New York: D. Appleton, 1907. First edition (?). 91 pages.
Good in irregularly faded wrappers and a chipped spine. Discard stamp on title page. No other library markings. Fragile condition. A rare novel about alcoholism. OCLC records fewer than 10 copies of this edition. COPAC records one copy of a 1907 London edition and two entries for a 1908 London edition, each with one holding.
This moralistic tale of the evils of drink is followed by a report on the depravity of "underground London," "sinful New York" (with a subsection on white women in Chinatown), a temperance lecture by Rev. T. DeWitt Talmidge, and a list of Keeley Institutes. Keeley Institutes were a predecessor to the AA movement and sought to treat alcoholics with the Keeley Cure, injections of a substance of unknown composition.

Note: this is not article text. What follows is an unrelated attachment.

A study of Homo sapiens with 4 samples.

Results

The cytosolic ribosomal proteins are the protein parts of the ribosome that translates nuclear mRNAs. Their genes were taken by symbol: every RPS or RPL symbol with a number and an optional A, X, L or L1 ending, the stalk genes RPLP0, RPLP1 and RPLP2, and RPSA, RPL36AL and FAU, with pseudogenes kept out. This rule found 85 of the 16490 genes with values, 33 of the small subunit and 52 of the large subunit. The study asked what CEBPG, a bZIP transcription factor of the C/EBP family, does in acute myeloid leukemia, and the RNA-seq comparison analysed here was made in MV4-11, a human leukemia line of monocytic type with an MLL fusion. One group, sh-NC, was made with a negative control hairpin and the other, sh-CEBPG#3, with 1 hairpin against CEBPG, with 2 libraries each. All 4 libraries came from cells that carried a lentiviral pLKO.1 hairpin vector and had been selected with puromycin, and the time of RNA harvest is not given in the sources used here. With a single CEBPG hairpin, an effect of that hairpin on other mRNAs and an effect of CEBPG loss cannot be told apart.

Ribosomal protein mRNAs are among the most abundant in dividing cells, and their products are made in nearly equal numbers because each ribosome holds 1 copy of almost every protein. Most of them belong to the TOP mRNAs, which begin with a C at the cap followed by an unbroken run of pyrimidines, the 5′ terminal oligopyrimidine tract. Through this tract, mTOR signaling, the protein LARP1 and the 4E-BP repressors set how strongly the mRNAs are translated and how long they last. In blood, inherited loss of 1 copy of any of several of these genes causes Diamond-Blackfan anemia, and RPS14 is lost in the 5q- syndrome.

Caine was one of the best-selling authors of the late 19th and early 20th centuries. He was also Dante Gabriel Rossetti’s secretary for a time. The Library of Congress records a microfilm copy of an 1895 edition (a date given on the copyright page of this copy, along with the 1907 date), but no physical copies are recorded. A 1901 biography of Caine (Hall Caine by Charles Kenyon) states, "Mr. Caine has the intention of dealing with the drink question in a novel…yet he has been unable to see his way to treat it in a work of fiction." It’s possible that the 1895 copyright refers to the section on New York vice, which was prepared for a newspaper.
We believe this to be the first edition of the book or the first American edition, assuming the lone 1907 COPAC record for a London edition is correct.